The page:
For much of the 20th century, Burundi and Rwanda could not have been closer.
The two tiny Great Lakes countries were administered as the single kingdom of Ruanda-Urundi as part of the Belgian colonial empire in Africa, only emerging as independent nations in the early 1960s. Since then, there have been tragic similarities in the two countries’ paths.
Rwanda suffered a devastating genocide in 1994, when an estimated 800,000 people—mostly members of the Tutsi ethnic group, but also moderate Hutus—were slaughtered by Hutu extremists. Burundi, which has a similar ethnic makeup to Rwanda—about 85 percent Hutu and 15 percent Tutsi—also experienced a massive loss of life during a 12-year civil war, fought between 1993 and 2005 largely along ethnic lines, which claimed around 300,000 lives.
Now, the two countries appear to be poles apart, despite a shared border that stretches for hundreds of kilometers. The political crisis that has engulfed Burundi since President Pierre Nkurunziza put himself forward for a third term in April 2015 has led to a series of allegations and counter-allegations between the two states. These tensions have culminated in Rwanda expellingup to 1,500 Burundian refugees over the past week in an apparent warning shot to its troubled neighbor.
Rwanda has been critical of Nkurunziza’s decision to stay in power from the outset. The ensuing crisis has claimed more than 400 lives in Burundi and displaced more than 260,000 refugees. Rwanda has been the second-highest recipient of Burundian refugees, taking in almost 78,000 (Tanzania has borne the greatest burden, receiving a huge 138,000 refugees). Rwandan President Paul Kagame used a speech in November 2015 to implore the Burundian leader to reconsider his decision in order to avoid a repeat of the genocide Rwanda experienced in Burundi. “They should have learned the lesson of our history,” said Kagame.
Kagame’s pleas to Nkurunziza have been somewhat watered down by the fact he himself is seeking an extended stay in office, following a referendum in Rwanda in December 2015, in which voters backed a change of the constitution to allow the president to seek a third presidential term.
Burundi has refused to take such criticism lying down and has leveled accusations against its neighbor of meddling in its internal affairs. Specifically, Burundi says that Rwanda has been recruiting Burundian refugees into armed militias aimed at overthrowing the Nkurunziza government. U.S. advocacy group Refugees International alleged in a December 2015 report that it had evidence of up to 80 cases of Burundians resident in Rwanda’s biggest camp being recruited, with the rebels looking to establish a 5,000-strong force. These allegations were backed up by aUnited Nations report leaked in February and U.S. officials, who have raised concerns aboutRwanda “destabilizing” its neighbor.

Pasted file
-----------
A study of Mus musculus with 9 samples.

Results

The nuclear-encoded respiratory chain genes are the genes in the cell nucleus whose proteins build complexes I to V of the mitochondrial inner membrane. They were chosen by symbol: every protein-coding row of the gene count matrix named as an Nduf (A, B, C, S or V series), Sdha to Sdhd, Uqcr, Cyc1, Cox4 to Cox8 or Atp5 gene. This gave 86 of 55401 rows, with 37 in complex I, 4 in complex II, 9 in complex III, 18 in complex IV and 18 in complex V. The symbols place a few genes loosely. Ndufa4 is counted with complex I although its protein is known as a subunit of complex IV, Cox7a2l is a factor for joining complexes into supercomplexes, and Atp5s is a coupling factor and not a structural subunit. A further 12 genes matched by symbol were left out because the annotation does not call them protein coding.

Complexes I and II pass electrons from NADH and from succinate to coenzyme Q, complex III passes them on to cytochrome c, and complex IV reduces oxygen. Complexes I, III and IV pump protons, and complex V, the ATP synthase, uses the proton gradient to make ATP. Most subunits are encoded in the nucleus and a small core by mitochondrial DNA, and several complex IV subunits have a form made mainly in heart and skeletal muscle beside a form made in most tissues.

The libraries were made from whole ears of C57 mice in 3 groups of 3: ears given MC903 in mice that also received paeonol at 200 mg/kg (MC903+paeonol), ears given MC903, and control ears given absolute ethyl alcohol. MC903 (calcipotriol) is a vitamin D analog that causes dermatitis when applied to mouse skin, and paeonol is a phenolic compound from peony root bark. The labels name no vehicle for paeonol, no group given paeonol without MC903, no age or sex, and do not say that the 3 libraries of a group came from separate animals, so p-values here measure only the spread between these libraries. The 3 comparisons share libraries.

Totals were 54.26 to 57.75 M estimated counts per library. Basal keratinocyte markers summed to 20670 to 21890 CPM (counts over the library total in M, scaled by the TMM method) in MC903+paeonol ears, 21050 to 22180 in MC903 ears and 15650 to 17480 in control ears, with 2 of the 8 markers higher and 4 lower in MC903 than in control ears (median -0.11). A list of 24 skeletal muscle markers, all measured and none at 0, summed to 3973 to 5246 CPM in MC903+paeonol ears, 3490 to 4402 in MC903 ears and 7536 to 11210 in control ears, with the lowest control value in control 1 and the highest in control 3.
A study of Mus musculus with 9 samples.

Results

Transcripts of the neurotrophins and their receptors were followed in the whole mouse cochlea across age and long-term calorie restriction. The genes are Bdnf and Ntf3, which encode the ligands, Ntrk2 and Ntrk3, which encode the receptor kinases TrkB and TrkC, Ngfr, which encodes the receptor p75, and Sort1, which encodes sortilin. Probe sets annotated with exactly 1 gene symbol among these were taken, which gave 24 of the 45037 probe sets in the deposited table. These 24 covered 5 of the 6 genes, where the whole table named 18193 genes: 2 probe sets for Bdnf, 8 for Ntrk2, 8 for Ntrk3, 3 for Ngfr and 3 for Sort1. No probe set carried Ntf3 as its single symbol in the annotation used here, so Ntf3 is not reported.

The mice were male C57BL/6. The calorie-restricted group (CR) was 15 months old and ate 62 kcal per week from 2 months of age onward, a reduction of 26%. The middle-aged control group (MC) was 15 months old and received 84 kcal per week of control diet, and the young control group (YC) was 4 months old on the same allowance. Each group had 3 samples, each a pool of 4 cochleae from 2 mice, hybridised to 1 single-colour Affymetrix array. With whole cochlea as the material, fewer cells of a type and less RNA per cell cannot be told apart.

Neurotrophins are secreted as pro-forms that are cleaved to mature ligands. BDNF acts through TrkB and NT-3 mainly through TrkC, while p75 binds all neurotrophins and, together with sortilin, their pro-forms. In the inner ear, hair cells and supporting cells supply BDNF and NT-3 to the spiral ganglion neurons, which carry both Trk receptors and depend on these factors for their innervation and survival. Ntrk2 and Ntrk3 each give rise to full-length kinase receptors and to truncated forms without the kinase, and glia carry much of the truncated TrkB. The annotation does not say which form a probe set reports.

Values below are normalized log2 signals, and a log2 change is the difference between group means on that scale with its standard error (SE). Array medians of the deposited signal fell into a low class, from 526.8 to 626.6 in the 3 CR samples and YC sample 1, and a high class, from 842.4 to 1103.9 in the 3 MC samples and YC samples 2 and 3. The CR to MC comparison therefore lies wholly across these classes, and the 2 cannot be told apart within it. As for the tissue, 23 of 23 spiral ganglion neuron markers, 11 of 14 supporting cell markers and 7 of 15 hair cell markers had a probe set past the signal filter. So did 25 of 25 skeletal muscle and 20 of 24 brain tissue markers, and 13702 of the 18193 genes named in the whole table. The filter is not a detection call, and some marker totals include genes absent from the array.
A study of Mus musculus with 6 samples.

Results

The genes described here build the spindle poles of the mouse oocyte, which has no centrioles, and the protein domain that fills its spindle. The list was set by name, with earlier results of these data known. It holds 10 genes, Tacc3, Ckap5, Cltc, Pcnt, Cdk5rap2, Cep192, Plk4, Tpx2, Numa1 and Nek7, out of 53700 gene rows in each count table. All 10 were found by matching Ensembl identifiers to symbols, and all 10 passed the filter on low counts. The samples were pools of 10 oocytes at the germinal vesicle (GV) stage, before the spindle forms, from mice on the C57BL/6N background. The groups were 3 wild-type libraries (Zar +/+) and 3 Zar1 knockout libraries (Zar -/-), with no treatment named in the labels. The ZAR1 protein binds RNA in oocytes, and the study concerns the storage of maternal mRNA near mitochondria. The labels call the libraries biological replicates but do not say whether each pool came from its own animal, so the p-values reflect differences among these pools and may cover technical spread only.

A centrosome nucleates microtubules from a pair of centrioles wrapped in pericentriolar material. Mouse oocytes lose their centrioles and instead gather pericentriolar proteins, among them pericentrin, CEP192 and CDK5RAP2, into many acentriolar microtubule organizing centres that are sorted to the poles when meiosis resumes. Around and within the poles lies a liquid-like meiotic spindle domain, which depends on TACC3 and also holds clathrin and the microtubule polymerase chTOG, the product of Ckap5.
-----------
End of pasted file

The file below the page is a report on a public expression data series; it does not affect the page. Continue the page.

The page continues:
Rwandan officials have consistently denied the allegations and the Rwandan foreign ministry announced in February that it would be relocating Burundian refugees to third countries due to the “growing risks to our national security and the Burundian impasse and misunderstandings in our foreign relations.” “This is one of the most fractious periods in Rwanda-Burundi relations in a very long time,” says Phil Clark, an expert in the politics of the Great Lakes region at SOAS, University of London.
Rwanda does have history of supporting armed rebellion in neighboring countries—the government in Kigali has supported various revolutions in Democratic Republic of Congo over the past few decades and in 2012 was accused by a U.N. panel of experts of having direct control over rebels including the M23, which failed to overthrow the government of Congolese President Joseph Kabila during a one-and-a-half year rebellion in eastern Congo.
According to Clark, however, the Burundian opposition “doesn’t bear the hallmarks of rebellions backed by Rwanda.” Burundi’s rebel groups are scattered and have had little impact on Nkurunziza’s position, instead resorting to tit-for-tat killings.
The relationship between the two countries is complicated further by their close economic ties. Burundi and Rwanda are both part of a six-country regional trading bloc called the East African Community (EAC), with Kenya, Tanzania, Uganda and the recently-admitted South Sudan the other members.
The EAC is supposed to function in a similar manner to the European Union, with goods and people moving freely across borders in the name of trade. The crisis in Burundi has damaged these economic links, however, with the vast majority of Rwandan traders reportedly suspending operations in Burundi due to insecurity. Rwandan trade minister Francois Kanimba said in January that exports to Burundi had been reduced by as much as 20 percent due to the crisis.
Rwanda has taken a backseat in EAC attempts to resolve Burundi’s problems, with Uganda taking the lead in arranging peace talks between the government and opposition figures. The process has stalled, however, as Uganda prepared to hold elections in February and has been dealing with their aftermath. A visit to Burundi by U.N. Secretary-General Ban Ki-moon in February raised hopes that peace talks could be revived following a pledge by Nkurunziza to participate, as well as freeing 2,000 prisoners. But violence has persisted, with the president condemning the killing of a senior army general by rebels in a gun and rocket attack in Bujumbura in April.
With no political solution to Burundi’s problems in sight and Nkurunziza bedding down for the long haul, Clark predicts that Rwanda and Burundi will remain distant neighbors. “This is going to continue to be a very difficult relationship, especially if Nkurunziza remains in power. There’s no question that Kigali sees Nkurunziza as the problem… [but] Nkurunziza is digging his heels in,” says Clark. “This sends a message to Rwanda that they should expect the status quo to hold, at least for the next year or so.